Tamari soy sauce (aka tamari shoyu) is a rich, very dark soy sauce made with little to no wheat (this tamari is wheat free). Its flavor is salty, full of umami, and reminiscent of dark miso. It is more complex and potent than conventional basic soy sauce (as well as slightly thicker).
This tamari is traditionally slow-brewed over the course of 16-24 months (details below). Its flavor is the result of generations of tradition, knowledge, skills, and carefully cultivated strains of microorganisms coming together to produce extremely high quality soy sauce.
Soy sauces range across a continuum based on their wheat & soy content. Basic soy sauce lies in the middle of the scale. Robust tamari soy sauce is on one end (little to no wheat content and all soy) and delicate, almost clear white soy sauce is on the other (much higher wheat content than soy content).
How this Tamari is Brewed:
This tamari sauce has been traditionally slow-brewed using a process requiring tremendous expertise and patience.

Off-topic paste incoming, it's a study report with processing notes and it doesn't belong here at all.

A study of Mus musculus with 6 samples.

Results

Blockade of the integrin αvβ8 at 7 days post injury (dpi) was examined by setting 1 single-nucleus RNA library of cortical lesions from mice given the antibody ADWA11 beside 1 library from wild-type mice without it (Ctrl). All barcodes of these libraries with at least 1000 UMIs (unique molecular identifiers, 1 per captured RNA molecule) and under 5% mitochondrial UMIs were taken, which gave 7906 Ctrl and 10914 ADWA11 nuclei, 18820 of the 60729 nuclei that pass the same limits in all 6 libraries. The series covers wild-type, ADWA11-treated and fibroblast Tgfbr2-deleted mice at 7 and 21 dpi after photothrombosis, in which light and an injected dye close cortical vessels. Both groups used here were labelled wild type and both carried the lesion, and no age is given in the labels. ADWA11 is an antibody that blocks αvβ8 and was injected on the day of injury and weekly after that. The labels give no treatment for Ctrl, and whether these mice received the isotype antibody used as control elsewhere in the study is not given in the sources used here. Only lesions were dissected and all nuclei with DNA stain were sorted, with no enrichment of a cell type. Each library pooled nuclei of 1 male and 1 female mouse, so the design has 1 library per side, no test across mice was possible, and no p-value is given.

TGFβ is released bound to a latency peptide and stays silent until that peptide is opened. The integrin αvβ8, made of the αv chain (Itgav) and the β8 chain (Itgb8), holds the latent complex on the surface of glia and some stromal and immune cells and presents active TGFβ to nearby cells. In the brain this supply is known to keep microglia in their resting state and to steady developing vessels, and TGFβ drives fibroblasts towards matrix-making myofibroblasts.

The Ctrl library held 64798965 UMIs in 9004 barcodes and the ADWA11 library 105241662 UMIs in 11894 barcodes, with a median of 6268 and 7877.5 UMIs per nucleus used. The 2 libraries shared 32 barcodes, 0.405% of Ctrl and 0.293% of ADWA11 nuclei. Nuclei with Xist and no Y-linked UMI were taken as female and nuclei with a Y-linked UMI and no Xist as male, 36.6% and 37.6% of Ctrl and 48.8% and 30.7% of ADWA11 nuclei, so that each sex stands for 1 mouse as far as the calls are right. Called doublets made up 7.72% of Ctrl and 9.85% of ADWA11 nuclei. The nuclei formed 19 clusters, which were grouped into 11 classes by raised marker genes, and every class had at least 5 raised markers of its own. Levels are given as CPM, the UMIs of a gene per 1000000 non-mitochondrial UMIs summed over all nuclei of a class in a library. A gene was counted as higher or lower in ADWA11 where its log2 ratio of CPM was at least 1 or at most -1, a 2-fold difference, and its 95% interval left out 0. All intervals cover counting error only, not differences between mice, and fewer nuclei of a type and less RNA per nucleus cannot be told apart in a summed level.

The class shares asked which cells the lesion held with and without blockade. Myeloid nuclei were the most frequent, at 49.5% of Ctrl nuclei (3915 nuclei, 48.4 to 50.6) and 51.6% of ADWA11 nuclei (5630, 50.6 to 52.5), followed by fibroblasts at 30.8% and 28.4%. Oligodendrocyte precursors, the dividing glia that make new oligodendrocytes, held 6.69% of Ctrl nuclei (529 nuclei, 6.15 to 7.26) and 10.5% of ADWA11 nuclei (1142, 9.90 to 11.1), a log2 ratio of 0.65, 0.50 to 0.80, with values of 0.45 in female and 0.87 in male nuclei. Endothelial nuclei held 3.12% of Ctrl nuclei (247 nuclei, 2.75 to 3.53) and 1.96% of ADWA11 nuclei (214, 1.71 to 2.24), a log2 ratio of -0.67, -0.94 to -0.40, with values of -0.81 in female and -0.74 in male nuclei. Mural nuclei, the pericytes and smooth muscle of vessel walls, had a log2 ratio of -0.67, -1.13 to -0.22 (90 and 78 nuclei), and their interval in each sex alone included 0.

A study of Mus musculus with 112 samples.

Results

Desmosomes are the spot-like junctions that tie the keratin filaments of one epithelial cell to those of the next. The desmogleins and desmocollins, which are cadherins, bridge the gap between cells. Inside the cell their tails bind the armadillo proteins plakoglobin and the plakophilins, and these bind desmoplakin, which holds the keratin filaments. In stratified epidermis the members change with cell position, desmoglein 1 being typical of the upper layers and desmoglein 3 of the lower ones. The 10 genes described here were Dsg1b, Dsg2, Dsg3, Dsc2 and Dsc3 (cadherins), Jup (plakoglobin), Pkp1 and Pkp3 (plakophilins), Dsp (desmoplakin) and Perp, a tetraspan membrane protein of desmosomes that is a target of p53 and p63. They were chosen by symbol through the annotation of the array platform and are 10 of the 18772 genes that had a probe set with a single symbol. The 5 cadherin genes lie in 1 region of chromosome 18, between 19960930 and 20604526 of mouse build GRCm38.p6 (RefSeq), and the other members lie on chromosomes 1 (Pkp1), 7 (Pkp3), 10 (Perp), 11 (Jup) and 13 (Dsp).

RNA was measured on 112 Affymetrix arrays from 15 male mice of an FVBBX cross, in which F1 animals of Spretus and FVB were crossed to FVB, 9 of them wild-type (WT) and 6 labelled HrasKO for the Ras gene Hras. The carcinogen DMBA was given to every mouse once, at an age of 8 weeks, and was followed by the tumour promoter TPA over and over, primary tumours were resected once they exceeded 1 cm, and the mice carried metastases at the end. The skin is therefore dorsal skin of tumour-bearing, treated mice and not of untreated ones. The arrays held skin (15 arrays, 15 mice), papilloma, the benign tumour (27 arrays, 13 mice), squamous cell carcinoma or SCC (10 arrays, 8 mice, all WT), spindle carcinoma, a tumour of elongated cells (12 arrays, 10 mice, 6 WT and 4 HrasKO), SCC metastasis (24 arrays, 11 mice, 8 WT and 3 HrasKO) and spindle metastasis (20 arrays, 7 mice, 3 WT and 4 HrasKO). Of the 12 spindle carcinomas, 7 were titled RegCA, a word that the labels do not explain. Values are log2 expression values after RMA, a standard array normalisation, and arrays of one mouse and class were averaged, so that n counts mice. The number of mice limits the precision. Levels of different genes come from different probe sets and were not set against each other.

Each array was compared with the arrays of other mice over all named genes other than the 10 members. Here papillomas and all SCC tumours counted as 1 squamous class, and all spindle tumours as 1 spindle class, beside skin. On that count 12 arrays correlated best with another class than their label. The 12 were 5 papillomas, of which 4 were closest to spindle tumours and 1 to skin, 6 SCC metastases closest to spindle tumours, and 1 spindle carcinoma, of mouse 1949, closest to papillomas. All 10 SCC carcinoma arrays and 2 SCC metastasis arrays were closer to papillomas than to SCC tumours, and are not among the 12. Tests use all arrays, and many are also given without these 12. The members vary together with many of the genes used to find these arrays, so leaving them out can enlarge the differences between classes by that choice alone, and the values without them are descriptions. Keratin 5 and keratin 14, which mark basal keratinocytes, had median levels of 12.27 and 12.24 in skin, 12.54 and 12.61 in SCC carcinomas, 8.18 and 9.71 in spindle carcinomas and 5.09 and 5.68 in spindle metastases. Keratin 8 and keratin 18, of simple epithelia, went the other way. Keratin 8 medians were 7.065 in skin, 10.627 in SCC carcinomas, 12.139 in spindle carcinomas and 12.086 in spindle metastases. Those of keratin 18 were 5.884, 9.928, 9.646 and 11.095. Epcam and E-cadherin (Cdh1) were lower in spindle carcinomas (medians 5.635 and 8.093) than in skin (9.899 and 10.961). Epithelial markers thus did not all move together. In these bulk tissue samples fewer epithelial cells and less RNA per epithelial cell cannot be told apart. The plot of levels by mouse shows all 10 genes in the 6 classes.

In the late fall/early winter - milled, steamed soy beans are inoculated with koji - a special mold. This mold produces enzymes that break the beans down into simple sugars during a three-day incubation period.
At this point the resulting product is mixed with salt water to produce a mash (moromi) which is packed in cedar kegs (many two or three centuries old) for fermentation. It will age through two summers, until it is judged to be just right.
In the kegs the koji enzymes continue to work, and natural yeasts convert the simple sugars they produce into alcohols and esters. Other enzymes break proteins down into amino acids and bacteria produce lactic acid. Each of these elements (plus the work of various other local bacteria) combine to give this tamari its complex layers of sweet & savory flavors.
As with sourdough bread in the US, different areas of Japan possess wild yeasts and bacteria strains which give distinctive flavors to soy sauces. This tamari is produced in an area that has long been renowned for its soy sauce.
Once the mash is sufficiently aged, it is pressed to produce raw soy sauce. This sauce is allowed to settle for a month, then oils are skimmed off the surface and sediment is drawn off from the bottom. It is carefully heated to 80˚C/176˚F for an hour - killing the bacteria while preserving the enzymes and delicate flavor compounds. Then it’s finally bottled and ready for you to enjoy.